The United Kingdom became the main delivery partner of the Lima 2019 Pan American Games earlier this week ©Getty Images

A briefing session is to take place early next month to outline potential opportunities for British companies who want to be involved in the 2019 Pan American Games in Lima. 

Earlier this week it was announced the Governments in Britain and Peru had signed an agreement to provide support for Lima 2019.

The briefing, organised by the United Kingdom's Department for International Trade (DIT), is scheduled to take place in the week commencing May 1 in central London.

Further details, including the exact date and location of the event, are due to be confirmed next week. 

Signed on Thursday (April 20), the agreement between Britain and Peru will see the UK become the main delivery partner of Lima 2019.

It will involve the UK working closely with the Organising Committee to ensure the successful staging of the competition.

Severe flooding and financial difficulties in recent months had plunged Lima's hosting of the event into doubt.

The agreement, signed by International Trade Minister Greg Hands, was described as "fundamental to our progress in successfully organising and delivering the Lima 2019 Games" by Organising Committee President Carlos Neuhaus.

It will help the South American nation "deliver the infrastructure and organisation of the Games on-time and on-budget", according to a joint statement from the two Governments.

The Peruvian Government set the budget last October at $1.2 billion (£936 million/€1.1 billion).

UK companies are now set to secure contracts in areas such as event management, security and construction under the deal, signed as part of the Peruvian Government's special project for the planning and development of Lima 2019 and the DIT.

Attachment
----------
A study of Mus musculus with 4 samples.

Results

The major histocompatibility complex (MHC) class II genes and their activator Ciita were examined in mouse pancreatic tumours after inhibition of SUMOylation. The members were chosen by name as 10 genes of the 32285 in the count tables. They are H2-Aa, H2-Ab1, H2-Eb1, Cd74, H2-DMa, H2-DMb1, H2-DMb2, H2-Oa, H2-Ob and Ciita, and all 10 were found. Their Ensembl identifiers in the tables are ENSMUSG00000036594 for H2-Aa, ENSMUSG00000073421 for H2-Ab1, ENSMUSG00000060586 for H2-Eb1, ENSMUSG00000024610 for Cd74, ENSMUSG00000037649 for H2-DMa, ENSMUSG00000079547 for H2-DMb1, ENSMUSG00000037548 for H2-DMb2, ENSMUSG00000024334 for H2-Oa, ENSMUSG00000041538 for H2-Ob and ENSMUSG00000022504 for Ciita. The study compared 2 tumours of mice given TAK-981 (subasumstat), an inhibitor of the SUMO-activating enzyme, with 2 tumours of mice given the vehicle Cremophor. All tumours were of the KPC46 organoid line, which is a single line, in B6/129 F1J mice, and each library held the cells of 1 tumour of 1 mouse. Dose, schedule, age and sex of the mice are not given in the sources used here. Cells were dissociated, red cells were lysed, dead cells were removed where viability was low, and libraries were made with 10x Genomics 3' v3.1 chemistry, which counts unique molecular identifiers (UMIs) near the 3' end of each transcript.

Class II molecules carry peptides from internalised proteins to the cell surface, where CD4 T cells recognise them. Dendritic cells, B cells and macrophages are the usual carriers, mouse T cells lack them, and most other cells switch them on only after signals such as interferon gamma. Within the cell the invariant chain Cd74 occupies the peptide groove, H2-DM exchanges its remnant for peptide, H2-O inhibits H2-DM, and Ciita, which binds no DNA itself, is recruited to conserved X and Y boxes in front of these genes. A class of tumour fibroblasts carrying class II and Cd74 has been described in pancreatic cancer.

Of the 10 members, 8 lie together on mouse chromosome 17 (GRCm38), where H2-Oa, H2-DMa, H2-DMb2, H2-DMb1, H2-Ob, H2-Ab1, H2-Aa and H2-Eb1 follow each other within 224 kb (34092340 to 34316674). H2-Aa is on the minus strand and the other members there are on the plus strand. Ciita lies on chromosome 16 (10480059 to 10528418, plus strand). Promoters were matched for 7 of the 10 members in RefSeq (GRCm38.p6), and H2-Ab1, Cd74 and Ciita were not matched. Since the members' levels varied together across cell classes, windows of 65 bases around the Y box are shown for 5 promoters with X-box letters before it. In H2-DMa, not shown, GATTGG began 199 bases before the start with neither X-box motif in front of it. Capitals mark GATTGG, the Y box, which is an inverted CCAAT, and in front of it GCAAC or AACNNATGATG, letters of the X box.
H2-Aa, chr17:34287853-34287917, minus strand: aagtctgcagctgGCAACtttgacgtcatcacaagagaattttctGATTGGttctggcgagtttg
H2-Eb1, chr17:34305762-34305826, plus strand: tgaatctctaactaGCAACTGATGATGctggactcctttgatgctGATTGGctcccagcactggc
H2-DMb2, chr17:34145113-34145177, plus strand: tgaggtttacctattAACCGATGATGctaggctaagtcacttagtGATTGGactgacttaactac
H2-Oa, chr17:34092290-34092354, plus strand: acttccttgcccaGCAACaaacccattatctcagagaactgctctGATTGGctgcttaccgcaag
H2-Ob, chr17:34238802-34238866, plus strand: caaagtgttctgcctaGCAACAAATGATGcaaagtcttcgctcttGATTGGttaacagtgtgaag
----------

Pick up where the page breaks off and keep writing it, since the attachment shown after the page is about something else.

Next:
Lima 2019 President Carlos Neuhaus described the agreement between Britain and Peru as fundamental to the successful organisation and delivery of the Pan American Games ©Getty Images
Lima 2019 President Carlos Neuhaus described the agreement between Britain and Peru as fundamental to the successful organisation and delivery of the Pan American Games ©Getty Images

Peru was rocked by devastating floods last month and the death toll now stands at 113.

More than 800 towns and cities were declared as a state of emergency due to a shortage of food and water, while over 60,000 homes in 24 out of Peru's 25 states have been destroyed.

It led to increased calls for the money allocated for the Pan American Games, scheduled to be held from July 26 to August 11 in 2019, to be redirected towards the relief effort and prompted suggestions the event should be moved elsewhere.

The damage and devastation caused by the floods also sparked speculation this year's International Olympic Committee (IOC) Session, due to be staged from September 13 to 17, would be taken away from the Peruvian capital.

Last week, the IOC confirmed the event would remain in Lima.

The Peruvian Olympic Committee also missed a deadline to make an outstanding payment of $3.3 million (£2.6 million/€3.1 million) to the Pan American Sports Organization in January.

The deal with the UK Government appears to have eased concerns, with Britain claiming to have "proven experience in organising and delivering successful global sport events whilst leaving a positive legacy for host cities and countries".

Over 5,000 athletes are expected to compete at the 2019 edition of the Pan American Games in 36 sports.

Lima were comfortable victors in the ballot for the event, winning in the first round with 31 votes in 2013.

La Punta in Argentina and Chile’s capital Santiago both received nine, with Ciudad Bolívar in Venezuela garnering eight.